What is Spinal Radio Frequency Ablation (RFA)?

Radiofrequency ablation is a procedure where an electric current is used to heat up a small area of a nerve to stop it from sending signals. A doctor will confirm the patient’s diagnosis by making sure that they’ve had at least two successful medial branch blocks. If the patient is a good candidate, the doctor will ask for the following information:

  • Current medications, including herbal supplements and their dosages
  • Drug, iodine or latex allergies
  • Current health conditions

Radiofrequency ablation is performed under anesthetic of the physician’s choice. To begin, the area to be treated is numbed with a local anesthetic. Using x-ray guidance, the doctor will insert a needle and electrode into the treatment location. After confirming correct placement, a high-frequency electrical current is passed through the electrode, heating up and lesioning the sensory nerve. Once the procedure is complete, the needle and electrode are removed.

Typically patients go home within one to three hours. The patient may experience some initial discomfort immediately after the procedure, but most patients are able to return to work and their normal daily activities within 24 to 38 hours. After a few days, the patient should notice a marked decrease in pain and continued improvement over the next several weeks. The patient can expect long-lasting pain relief. Because nerves do repair themselves, the pain may return, but the procedure can be done again with similar results.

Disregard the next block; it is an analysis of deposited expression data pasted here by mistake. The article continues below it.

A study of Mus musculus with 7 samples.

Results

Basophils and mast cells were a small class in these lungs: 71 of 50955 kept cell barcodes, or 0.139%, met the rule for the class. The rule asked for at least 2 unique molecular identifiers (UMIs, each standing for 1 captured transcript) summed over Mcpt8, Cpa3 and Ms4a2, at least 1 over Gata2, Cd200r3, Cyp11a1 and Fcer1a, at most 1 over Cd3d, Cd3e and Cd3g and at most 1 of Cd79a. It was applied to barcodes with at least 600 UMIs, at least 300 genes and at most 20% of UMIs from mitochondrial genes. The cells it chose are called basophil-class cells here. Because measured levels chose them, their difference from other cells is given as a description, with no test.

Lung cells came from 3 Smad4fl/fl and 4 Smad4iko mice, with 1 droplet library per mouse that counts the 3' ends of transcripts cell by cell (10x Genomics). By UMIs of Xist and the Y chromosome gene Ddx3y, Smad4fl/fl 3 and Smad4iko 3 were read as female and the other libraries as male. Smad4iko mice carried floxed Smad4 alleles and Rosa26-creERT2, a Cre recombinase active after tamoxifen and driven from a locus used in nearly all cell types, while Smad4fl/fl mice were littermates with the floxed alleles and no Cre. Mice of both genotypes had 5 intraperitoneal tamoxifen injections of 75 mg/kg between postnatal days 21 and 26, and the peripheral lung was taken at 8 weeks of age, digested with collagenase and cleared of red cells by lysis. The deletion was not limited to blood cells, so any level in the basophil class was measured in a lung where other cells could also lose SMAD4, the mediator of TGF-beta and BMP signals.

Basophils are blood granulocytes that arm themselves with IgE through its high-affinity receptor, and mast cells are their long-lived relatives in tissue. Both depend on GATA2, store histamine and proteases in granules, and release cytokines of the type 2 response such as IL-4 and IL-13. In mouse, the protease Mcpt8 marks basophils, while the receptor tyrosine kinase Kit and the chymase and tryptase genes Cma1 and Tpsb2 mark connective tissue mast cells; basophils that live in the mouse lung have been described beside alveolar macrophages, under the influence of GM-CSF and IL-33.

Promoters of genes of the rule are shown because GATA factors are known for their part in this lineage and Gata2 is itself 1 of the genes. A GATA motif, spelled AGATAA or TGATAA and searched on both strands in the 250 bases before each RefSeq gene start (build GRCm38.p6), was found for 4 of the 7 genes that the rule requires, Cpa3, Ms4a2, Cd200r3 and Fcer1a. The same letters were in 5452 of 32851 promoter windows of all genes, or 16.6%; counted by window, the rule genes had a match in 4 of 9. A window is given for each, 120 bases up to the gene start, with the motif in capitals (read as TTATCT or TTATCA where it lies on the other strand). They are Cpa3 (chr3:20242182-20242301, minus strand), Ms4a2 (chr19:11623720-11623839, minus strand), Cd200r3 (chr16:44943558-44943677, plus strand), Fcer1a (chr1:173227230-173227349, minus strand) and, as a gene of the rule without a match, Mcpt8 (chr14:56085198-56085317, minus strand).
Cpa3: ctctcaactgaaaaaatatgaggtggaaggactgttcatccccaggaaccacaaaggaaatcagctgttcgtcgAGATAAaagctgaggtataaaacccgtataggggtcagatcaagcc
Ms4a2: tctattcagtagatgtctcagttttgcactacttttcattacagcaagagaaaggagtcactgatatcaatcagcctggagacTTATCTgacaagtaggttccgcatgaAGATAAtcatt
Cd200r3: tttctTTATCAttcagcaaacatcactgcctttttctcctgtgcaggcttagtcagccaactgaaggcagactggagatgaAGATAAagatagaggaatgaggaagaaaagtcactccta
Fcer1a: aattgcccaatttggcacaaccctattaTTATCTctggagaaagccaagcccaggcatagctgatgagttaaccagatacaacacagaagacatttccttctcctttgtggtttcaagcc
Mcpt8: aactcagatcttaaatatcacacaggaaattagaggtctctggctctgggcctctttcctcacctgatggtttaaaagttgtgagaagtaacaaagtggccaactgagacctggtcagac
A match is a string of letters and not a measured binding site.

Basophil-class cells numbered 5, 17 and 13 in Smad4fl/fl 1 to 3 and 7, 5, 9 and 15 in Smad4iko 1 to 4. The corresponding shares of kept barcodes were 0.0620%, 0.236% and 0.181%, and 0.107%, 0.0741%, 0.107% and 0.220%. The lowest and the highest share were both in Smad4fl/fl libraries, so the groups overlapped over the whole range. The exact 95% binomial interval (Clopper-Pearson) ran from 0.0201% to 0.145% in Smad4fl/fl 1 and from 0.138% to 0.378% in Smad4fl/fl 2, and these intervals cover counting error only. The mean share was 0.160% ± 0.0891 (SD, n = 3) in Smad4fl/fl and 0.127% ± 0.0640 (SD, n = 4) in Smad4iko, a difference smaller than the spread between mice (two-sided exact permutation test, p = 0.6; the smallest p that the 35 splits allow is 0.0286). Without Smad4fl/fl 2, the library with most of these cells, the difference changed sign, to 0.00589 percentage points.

Learn more at https://strykerivs.com/procedures/radiofrequency-ablation.

Step-by-Step RFA Procedure

Frequently Asked Questions about RFA

How is radiofrequency ablation performed?

First, Dr. Bartsch will determine you are a good candidate by performing two “test” blocks called “Medial Branch Blocks” or “MBB”. If you have great improvement (80% or more improvement) with both blocks you may be a good candidate for RFA. Dr. Bartsch will use a special needle/probe to target the specific nerves in your back, these are not the nerves that send signals down your legs or near your spinal cord. He uses a special x-ray to help guide his needle to the correct area, followed by a test stimulation to confirm his location and target.

How effective is radiofrequency ablation?

Radiofrequency ablation stops the nerves from sending signals, these nerves do try to grow back. Every patient is different and will experience a varying level of improvement after ablation.

What are the risks?

Common side effects are temporary numbness or temporary pain at the procedure site. Two of the very rare side effects are bleeding or infection. To avoid these side effects, please always make staff aware at each visit if you are on a blood thinner or have a pacemaker, defibulator, and/or implanted stimulator.

Is radiofrequency ablation right for you?

If you have chronic low back pain that does not respond to other conservative treatment such as physical therapy, you may be a candidate for this treatment. If you have low back pain that occurs on one or both sides of your lower back, pain that spreads to the buttocks and upper thighs, pain that is worse after lift something or twist, or pain that is relieved by laying down.

1 Stryker. Radiofrequency Ablation. Available: https://strykerivs.com/procedures/radiofrequency-ablation Accessed May 4, 2021.